The Mawlid, sometimes called Mouloud, Maouloud, Mouled, or Maoulide, is the commemoration of the birth of Mohammed, prophet of the Islamic religion.
Yesterday was Christmas. But no trees, no snow, and no old man dressed in red who slips into the chimney to leave presents for all the children. None of that because it was simply not the Christmas of Christians but of Muslims, who also celebrate the birth of their Prophet, Mohammed, which is celebrated on the 12th of Rabia al Awal, the third month of the Muslim year. It is a holiday in most of the Muslim world.
Historically, the celebration dates back to the Fatimid dynasty, which used to celebrate this anniversary with processions in the court of the ruler of the time, during the day, as well as three sermons (khutbas) delivered before the faithful and in the presence of the Caliph.
A variety of traditions
Although customs vary from one country and region to another, it is an opportunity to meet in the holy places for times of meditation, and as a family to enjoy moments of conviviality around a good meal. The traditional festive meals are those we know: couscous, rechta, chakchouka … In the evening, time for pastries and sweet recipes. But here again, each country or region has its own specificities. In Tunisia, for example, a pastry cream made from Aleppo pine nuts called Assidat zgougou is prepared. In Algeria, candles are lit and tamina, a sweet paste made from semolina with an almost caramelized taste, is prepared. It is also not uncommon to hear firecrackers and small fireworks exploding.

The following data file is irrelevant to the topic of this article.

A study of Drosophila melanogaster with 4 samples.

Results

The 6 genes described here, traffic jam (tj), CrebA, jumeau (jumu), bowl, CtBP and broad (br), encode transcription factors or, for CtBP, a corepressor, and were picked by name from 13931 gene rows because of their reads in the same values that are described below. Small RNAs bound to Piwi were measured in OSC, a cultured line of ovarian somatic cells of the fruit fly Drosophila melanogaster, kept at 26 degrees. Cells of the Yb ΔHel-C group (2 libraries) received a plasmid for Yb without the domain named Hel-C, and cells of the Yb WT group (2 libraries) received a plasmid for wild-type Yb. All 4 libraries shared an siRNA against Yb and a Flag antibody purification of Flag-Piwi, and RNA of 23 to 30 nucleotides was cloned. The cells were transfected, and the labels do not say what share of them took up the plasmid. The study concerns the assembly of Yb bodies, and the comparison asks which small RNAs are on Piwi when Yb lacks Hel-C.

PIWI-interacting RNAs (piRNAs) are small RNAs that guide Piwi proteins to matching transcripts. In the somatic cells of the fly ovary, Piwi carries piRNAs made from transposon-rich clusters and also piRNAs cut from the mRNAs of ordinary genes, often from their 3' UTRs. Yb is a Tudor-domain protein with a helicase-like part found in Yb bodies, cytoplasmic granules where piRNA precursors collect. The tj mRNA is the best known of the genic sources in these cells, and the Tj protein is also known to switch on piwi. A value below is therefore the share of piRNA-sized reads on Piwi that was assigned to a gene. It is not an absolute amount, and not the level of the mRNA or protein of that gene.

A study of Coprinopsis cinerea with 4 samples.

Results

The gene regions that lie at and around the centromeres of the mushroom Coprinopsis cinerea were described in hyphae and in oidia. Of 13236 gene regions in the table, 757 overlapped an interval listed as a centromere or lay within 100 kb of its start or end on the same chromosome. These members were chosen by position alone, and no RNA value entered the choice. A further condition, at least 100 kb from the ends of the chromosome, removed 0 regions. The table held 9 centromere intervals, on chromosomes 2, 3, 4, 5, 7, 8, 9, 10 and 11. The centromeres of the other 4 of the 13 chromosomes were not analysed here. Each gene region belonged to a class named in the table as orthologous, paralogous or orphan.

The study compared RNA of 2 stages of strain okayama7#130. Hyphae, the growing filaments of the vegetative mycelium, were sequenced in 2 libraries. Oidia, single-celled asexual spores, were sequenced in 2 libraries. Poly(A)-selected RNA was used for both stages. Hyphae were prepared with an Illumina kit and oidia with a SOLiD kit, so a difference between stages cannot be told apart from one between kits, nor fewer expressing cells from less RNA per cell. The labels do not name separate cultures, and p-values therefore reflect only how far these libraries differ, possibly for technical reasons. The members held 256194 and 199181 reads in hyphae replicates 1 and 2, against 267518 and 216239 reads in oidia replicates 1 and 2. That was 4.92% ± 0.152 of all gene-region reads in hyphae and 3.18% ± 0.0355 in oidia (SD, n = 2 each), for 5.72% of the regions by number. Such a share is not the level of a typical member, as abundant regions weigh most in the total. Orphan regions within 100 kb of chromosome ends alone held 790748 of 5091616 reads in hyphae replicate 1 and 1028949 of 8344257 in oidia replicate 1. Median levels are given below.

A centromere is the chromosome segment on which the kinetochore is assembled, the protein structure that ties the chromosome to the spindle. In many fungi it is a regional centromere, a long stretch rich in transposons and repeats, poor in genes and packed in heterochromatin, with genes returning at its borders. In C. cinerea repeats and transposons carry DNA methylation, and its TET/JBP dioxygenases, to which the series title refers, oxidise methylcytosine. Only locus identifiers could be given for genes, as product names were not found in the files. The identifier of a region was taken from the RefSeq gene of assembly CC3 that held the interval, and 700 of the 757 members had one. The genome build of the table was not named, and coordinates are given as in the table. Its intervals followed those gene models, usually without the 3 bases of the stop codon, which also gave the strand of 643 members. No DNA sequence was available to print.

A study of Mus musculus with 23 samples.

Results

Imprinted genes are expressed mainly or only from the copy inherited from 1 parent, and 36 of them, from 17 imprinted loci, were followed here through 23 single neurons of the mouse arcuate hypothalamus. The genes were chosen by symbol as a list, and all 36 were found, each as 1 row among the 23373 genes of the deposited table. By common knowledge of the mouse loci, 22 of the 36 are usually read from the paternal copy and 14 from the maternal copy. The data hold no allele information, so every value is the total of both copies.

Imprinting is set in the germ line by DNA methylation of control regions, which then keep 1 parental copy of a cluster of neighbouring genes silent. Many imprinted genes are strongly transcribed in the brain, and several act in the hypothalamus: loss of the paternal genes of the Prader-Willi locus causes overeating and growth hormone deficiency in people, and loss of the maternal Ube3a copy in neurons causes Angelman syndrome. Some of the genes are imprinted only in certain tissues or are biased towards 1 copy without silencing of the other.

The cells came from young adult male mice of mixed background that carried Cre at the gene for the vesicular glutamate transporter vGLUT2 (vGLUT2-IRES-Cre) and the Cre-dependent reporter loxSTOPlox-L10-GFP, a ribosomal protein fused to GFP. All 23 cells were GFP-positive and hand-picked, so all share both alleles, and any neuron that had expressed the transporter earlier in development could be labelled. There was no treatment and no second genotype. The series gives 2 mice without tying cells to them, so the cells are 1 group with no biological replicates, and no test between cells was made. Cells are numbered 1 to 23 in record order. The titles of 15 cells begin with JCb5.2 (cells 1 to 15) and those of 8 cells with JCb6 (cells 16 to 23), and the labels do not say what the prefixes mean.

In Senegal and Mali, important commemorations are organized with poems sung in honor of the prophet and lectures about his life and greatness.
In Saudi Arabia, however, although its celebration is not forbidden by the authorities, the Ministry of Religious Affairs considers the festival to be alien to Islam and an innovation of non-religious origin.